A 300,000-year-old hearth was discovered recently by a team of Israeli scientists on an archaeological dig near present-day Rosh Ha'ayin, about 15 miles East of Tel Aviv. The find hints at a prehistoric home culture.
The stone-lined fireplace was found inside the Qesem Cave, a site where a Tel Aviv University team of archeologists headed by Profs. Avi Gopher and Ran Barkai have been digging since 2000, according to ScienceDaily.com
A thick deposit of wood ash found at the center of the cave was viewed through an infrared spectroscopy by Dr. Ruth Shahack-Gross, who was able to determine that the materials were comprised of soil and bone bits that had been heated to very high temperatures, as would be the case in a hearth.
In addition to the discovery of the 300,000-year-old hearth, the Israeli archeologists also found a substantial amount of flint tools that were used to cut meat, as well as a large number of animal bones that had been burnt, in the vicinity of the hearth.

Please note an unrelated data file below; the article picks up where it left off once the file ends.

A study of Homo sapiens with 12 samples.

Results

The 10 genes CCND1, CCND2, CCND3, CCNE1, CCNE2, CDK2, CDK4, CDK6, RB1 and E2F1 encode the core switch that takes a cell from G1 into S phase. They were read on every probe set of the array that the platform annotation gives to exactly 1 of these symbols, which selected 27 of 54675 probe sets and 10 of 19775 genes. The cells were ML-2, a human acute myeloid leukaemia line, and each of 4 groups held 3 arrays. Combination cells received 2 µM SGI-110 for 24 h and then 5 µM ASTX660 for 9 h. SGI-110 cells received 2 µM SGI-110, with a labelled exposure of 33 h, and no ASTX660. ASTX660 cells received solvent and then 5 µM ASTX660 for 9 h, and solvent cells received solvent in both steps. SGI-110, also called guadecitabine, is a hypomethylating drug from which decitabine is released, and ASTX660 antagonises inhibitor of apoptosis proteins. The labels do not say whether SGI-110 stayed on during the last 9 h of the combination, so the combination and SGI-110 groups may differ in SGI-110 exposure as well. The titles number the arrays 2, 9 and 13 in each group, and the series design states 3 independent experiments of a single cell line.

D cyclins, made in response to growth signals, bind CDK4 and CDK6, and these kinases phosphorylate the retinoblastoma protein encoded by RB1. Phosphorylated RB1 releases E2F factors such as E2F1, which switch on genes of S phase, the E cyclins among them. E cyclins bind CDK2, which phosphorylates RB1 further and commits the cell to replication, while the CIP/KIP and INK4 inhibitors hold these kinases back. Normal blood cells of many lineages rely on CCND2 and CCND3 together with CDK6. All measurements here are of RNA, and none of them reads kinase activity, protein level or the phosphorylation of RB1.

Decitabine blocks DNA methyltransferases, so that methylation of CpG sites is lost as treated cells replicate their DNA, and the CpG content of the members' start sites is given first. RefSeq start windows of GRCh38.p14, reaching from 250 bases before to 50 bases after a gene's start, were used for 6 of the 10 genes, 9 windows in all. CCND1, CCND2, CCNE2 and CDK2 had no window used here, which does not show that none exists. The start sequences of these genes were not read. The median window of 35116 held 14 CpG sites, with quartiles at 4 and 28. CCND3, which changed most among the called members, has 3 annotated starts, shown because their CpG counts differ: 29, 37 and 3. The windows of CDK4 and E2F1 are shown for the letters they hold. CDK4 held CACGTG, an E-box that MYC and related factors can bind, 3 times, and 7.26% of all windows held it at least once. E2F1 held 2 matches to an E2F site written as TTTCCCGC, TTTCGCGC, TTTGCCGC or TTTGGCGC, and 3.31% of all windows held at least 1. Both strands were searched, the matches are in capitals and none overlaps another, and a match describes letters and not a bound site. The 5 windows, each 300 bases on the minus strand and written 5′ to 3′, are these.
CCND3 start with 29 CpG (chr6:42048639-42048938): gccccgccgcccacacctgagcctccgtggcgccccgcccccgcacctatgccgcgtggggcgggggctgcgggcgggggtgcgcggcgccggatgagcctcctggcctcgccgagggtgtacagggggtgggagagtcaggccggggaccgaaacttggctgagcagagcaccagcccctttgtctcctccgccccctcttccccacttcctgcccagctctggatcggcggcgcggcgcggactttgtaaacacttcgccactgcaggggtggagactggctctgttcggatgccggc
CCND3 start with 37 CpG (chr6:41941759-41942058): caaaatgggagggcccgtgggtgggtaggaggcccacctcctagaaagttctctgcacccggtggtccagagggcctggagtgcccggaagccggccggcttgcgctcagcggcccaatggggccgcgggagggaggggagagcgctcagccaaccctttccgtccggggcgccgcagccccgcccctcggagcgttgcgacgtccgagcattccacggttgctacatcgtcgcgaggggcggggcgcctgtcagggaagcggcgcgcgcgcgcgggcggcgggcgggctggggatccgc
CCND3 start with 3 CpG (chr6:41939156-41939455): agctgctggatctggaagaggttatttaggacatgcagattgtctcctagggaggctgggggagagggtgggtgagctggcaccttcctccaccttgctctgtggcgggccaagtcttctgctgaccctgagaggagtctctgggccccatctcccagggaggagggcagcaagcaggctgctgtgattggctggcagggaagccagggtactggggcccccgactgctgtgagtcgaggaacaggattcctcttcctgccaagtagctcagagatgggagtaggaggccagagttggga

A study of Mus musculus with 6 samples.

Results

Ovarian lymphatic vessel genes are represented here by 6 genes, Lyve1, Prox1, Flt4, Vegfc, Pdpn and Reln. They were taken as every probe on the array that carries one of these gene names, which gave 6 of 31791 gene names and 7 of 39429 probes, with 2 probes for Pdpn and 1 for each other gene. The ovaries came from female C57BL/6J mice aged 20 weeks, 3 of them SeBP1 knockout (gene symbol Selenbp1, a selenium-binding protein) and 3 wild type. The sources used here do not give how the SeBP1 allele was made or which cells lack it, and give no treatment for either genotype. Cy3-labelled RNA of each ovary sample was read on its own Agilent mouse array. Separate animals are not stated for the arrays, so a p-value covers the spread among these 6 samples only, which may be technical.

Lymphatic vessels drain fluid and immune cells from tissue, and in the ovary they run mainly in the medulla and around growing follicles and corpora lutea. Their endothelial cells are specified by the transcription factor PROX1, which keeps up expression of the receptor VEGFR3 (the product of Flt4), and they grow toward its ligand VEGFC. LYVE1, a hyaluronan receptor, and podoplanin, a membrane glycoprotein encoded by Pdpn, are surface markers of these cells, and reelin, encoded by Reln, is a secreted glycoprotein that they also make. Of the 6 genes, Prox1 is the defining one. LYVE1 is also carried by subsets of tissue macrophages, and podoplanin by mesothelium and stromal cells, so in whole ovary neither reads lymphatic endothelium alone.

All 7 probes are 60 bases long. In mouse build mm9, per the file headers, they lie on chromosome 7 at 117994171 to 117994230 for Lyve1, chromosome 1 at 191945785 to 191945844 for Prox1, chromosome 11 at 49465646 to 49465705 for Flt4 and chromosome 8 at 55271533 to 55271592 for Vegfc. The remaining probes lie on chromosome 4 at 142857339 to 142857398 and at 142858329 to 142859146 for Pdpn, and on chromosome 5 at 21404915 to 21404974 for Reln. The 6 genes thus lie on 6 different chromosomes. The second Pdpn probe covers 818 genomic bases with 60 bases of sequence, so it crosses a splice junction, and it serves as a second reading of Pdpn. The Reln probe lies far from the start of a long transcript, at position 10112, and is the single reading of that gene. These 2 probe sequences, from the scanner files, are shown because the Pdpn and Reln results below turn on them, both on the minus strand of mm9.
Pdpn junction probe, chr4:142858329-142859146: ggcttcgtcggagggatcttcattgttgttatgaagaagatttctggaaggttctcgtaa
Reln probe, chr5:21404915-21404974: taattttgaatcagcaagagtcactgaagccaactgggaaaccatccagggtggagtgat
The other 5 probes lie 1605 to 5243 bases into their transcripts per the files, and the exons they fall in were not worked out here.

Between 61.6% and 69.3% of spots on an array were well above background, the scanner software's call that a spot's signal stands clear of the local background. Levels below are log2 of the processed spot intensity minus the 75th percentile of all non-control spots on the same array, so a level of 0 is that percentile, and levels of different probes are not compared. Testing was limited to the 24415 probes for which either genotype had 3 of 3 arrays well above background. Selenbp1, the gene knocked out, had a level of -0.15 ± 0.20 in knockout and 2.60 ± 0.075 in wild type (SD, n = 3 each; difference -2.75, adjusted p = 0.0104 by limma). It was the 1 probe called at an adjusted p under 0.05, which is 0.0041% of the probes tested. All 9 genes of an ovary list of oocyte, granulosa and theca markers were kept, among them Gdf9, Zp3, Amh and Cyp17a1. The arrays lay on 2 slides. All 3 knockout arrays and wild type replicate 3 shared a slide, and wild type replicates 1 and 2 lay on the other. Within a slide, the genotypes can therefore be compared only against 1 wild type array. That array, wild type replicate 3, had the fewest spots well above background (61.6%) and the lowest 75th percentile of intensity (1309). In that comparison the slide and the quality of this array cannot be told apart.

Several meters away were other flint tools that were shaped differently and consequently likely had a different purpose, ScienceDaily.com reported.
Much like homes are organized today, the cave also appeared to have been compartmentalized where certain activities were carried out in specific areas, the researchers observed.
According to the archeologists, the cave likely acted as a type of base camp for prehistoric humans.
"These findings help us to fix an important turning point in the development of human culture – that in which humans first began to regularly use fire both for cooking meat and as a focal point – a sort of campfire – for social gatherings," Shahack-Gross said in the report, ScienceDaily.com reported. "They also tell us something about the impressive levels of social and cognitive development of humans living some 300,000 years ago."
Through their findings, the scientists argue that a substantial change in human behavior demonstrated by the level of organizational skills exhibited by the cave's occupants suggested that a new culture, and perhaps a new human species, had emerged some 400,000 years ago.